China Film takes stake in Hollywood
AP Business Writer
China’s state-owned film distributor is making its first investment in Hollywood movies by taking a stake in two Legendary Entertainment productions.
China Film Co. will make an “eight-figure equity investment” in two upcoming films, Seventh Son and Warcraft, the Chinese unit of Legendary Entertainment said yesterday. The exact amount of the US dollar investment was not specified. Seventh Son is a fantasy adventure starring Jeff Bridges and Julianne Moore that’s scheduled for release on February 6, 2015. Warcraft, based on a popular video game series, is slated for release on March 11, 2016.
If approved for release in China, China Film would distribute the movies under current rules and regulations for foreign films, which are limited to just 34 a year. The deal calls for China Film to be credited on the movies.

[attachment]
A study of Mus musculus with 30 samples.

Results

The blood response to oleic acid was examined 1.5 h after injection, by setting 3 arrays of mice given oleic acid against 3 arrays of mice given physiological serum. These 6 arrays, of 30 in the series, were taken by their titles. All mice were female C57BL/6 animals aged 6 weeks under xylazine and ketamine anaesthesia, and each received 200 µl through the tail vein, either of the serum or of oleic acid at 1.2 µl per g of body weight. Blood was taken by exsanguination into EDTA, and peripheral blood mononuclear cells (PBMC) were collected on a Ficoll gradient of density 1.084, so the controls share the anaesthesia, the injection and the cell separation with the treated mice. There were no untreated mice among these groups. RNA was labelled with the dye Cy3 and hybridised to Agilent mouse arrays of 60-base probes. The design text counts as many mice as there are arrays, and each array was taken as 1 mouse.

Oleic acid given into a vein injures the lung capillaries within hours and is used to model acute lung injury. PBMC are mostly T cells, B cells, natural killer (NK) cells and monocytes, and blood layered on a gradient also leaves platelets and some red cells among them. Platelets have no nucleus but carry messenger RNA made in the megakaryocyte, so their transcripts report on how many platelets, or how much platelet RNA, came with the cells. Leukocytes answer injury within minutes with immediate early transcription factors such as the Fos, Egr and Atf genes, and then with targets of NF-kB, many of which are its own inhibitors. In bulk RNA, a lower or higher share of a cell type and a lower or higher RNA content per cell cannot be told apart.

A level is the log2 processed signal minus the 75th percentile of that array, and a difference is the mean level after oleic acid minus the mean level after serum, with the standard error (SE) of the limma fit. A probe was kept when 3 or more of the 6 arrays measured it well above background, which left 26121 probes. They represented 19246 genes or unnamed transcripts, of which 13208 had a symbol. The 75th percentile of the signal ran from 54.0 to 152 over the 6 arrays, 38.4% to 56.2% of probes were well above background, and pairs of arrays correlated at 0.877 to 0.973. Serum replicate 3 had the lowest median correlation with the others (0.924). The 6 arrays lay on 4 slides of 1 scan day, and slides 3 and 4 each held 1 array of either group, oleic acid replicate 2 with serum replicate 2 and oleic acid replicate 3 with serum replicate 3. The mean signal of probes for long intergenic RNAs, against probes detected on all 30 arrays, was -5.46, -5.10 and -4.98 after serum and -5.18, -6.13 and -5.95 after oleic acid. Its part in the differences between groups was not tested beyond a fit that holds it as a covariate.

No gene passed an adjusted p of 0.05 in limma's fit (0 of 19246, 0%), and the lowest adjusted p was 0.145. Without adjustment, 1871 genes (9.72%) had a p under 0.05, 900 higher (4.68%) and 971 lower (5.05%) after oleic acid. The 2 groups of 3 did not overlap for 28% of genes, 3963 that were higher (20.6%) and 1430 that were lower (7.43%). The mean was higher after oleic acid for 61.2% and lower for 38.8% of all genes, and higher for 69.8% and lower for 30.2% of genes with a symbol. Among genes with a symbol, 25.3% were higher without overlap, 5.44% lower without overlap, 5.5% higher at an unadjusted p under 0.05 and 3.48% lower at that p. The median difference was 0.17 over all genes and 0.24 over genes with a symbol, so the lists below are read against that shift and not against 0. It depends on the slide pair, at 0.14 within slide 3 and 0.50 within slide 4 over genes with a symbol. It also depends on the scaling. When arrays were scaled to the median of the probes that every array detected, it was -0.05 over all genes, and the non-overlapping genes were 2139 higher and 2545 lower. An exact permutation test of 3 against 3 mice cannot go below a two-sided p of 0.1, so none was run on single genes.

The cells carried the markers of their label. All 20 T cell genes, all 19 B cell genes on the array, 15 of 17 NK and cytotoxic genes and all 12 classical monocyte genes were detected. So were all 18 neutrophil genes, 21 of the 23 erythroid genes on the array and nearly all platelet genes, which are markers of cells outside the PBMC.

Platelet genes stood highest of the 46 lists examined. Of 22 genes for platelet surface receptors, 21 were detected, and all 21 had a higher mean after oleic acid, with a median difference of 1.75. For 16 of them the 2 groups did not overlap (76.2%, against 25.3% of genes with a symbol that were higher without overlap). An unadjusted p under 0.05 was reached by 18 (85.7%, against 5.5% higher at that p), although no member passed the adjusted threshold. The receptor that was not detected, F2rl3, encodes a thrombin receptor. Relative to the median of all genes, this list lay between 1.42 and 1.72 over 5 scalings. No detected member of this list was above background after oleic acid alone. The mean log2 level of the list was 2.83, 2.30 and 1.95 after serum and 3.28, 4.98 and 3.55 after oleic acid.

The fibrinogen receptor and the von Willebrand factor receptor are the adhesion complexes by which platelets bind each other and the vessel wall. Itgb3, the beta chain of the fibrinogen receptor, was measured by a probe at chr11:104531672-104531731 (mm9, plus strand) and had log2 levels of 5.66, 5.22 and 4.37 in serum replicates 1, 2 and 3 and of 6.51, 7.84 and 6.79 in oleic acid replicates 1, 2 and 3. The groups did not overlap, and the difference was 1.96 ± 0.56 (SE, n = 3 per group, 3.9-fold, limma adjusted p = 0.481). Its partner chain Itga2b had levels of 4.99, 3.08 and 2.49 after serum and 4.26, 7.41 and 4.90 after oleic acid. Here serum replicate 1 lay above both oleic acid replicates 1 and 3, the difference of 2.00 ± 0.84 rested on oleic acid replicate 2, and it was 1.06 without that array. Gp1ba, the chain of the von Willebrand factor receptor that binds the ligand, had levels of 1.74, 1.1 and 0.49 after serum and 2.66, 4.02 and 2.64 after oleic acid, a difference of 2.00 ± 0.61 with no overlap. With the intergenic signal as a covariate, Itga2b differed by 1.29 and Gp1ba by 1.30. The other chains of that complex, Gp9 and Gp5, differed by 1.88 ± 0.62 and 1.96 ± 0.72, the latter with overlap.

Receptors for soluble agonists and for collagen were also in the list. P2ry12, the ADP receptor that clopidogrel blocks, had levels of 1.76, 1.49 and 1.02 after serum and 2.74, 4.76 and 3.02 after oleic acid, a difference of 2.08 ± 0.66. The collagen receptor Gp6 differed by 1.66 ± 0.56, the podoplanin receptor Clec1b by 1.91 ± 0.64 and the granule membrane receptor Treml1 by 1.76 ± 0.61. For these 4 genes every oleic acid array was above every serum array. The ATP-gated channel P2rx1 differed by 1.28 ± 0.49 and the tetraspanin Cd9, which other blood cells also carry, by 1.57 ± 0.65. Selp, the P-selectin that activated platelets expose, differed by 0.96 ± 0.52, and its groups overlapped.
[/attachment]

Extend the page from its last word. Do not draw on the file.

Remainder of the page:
China Film, which is planning to go public, owns stakes in movie theatre chains that make up half of the country’s box office receipts. Its parent, China Film Group, is the gatekeeper for foreign studios because it controls film imports and co-productions.
The projects are the first since Legendary and China Film teamed up about a year ago to produce global blockbusters. It’s one of a number of recent tie-ups between companies in the world’s two biggest movies markets.
As box-office revenue growth flattens out at home, Hollywood studies are keen to move into China, now the world’s second biggest movie market with US$3.6 billion in ticket sales last year. China’s leaders hope that entertainment companies can benefit from the joint ventures by acquiring know-how to develop their own cultural industries in order to expand influence abroad.
Legendary Entertainment’s films include The Dark Knight and Hangover trilogies and last year’s sci-fi action adventure Pacific Rim.